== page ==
Real Estate Research
Continental European real estate market commentary - Q3 2018
Growth in the Eurozone remains above trend which is filtering through to active leasing and investment markets. However, Schroders forecasts that Eurozone economic growth will slow through 2018 - 2019.
Growth in the Eurozone remains above trend which is filtering through to active leasing- and investment markets. Going forward however, Schroders forecasts that Eurozone economic growth will slow albeit slightly to 1.75-2.0% p.a. through 2018-2019. Consumer spending should be supported by an increase in employment and rising real wages and most Eurozone governments can afford to loosen their fiscal policy. However, there are signs that the decline in unemployment is starting to put upward pressure on wages, particularly in Germany, and while ECB has announced to halt QE at the end of the year, Schroders expects the ECB to raise interest rates gradually from the second half of next year. In addition, while the EU has so far avoided a trade war with the USA, the slowdown in China and other emerging markets is likely to damp growth in Eurozone exports. We expect the Netherlands, Spain and Sweden to see the fastest economic growth over the next few years, followed by France and Germany. There is an outside risk of a new sovereign debt crisis, if the coalition between far right and far left parties in Italy unravels.
Office take-up was strong across continental Europe in the first half of 2018. While the main driver is the growth in employment, demand is also being propelled by two other trends. First, the expansion of serviced office providers, although that is to some extent cannibalising lettings to smaller occupiers. Second, many larger companies are upgrading their offices, not to impress clients, but to attract and retain skilled staff and improve their wellbeing and productivity. As a result, we are now seeing a simultaneous increase in prime and average grade office rents, not only in the big German cities and Stockholm which initially led the upswing, but also in Amsterdam, Brussels, Madrid and Paris. While there is a risk that this increase in rents will trigger a building boom, in most cities the upturn in development has so far been in step with demand, adding less than 1% p.a. to total floorspace. Also, many markets continue to see very low levels of vacancy, particularly for quality space.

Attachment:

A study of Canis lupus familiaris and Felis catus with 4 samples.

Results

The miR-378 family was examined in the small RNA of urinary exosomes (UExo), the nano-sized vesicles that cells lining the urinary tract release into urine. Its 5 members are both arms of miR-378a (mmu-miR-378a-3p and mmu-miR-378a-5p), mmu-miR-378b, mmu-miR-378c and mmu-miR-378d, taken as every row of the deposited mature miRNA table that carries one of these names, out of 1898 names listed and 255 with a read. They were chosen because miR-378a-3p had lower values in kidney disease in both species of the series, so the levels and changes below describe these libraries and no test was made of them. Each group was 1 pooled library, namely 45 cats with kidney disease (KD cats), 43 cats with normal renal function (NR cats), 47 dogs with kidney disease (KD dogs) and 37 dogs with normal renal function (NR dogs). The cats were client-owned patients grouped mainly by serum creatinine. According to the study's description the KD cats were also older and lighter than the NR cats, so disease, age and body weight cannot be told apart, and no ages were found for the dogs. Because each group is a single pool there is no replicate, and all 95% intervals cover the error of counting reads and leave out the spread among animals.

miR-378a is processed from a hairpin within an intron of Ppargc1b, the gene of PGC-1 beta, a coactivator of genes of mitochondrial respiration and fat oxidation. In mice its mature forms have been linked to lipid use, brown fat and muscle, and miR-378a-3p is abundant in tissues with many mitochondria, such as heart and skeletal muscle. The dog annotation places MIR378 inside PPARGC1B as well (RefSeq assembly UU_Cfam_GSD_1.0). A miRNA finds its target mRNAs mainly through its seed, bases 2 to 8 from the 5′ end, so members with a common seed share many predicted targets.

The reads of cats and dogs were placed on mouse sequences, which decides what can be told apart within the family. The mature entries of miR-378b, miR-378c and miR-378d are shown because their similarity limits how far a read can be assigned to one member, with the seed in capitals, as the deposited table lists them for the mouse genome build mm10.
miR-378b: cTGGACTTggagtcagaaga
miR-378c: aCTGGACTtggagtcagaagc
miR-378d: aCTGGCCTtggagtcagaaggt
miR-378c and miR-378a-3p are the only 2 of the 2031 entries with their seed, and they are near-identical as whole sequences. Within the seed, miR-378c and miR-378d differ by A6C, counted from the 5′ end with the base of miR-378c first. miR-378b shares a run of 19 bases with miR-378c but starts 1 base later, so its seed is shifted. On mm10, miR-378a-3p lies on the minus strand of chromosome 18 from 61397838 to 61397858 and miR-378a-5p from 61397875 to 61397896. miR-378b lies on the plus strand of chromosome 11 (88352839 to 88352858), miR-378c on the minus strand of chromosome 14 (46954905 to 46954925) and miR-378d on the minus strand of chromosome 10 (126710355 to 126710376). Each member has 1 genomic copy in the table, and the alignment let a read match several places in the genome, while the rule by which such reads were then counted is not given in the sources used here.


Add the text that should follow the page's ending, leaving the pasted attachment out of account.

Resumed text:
The logistics market in continental Europe is also enjoying strong demand, thanks to the upturn in manufacturing, the growth of online retail and a structural increase in contracting-out to third-party providers. 3PLs and online retailers accounted for 45% and 15% of take-up respectively, in the first half of 2018 (source: JLL). However, on the supply side, developers have been quick to respond with build-to-suit projects, with the result that prime logistics rents in most locations have been flat this year. The exceptions are Paris, Lyon, Hamburg and southern Germany where development land is scarcer and rents have started to increase. Looking ahead, we expect more cities to see an increase in the prime logistics rents, with growth typically running around 2% p.a.
By contrast, retail real estate markets are polarising, as consumers buy more online and prioritise experiences over goods. The trend is clearest in northern Europe where online sales now account for over 10% of total sales and the number of people visiting stores in France and Germany is falling. In most countries shopping centres are suffering higher vacancy than retail parks because: internet penetration in clothing is higher than in bulky goods; shopping centre rents are higher relative to sales than retail park rents and retail parks tend to be more accessible by car. In general food anchored schemes are also relatively defensive, although the success of individual formats varies from country to country, with hypermarkets struggling in France and Spain, but gaining market share in Sweden.
The total value of investment transactions in continental Europe fell by 20% in the first half of 2018 compared with the same period in 2017. Although superficially this decline can be attributed to one-off factors such as a shortage of big portfolio deals, or concerns about potential tax changes in Germany and Sweden, the bigger picture is that investors are starting to factor in an increase in bond yields over the medium term. Schroders expects that the yield on German 10 year bonds will rise to 2.5% by 2022. While that will put upward pressure on eurozone real estate yields, we think that the increase in office and logistics yields between end-2019 and end-2022 will be limited to 0.25-0.4%, assuming that the eurozone economy continues to grow and prospects for rental growth remain favourable. The exception could be the retail sector where investors’ concerns about on-line diversion and future rental growth could lead to an earlier and sharper increase in yields.
Our strategy is to focus on office and logistics in major European cities which have diverse economies, a large pool of skilled labour, good infrastructure and are attractive places to live. Examples include Amsterdam, Berlin, Hamburg, Frankfurt, Luxembourg, Madrid, Munich, Oslo, Paris, Stockholm and Stuttgart. We also see opportunities in certain alternative sectors benefiting from long-term structural forces, such as data centres, hotels with management contracts and primary and secondary healthcare.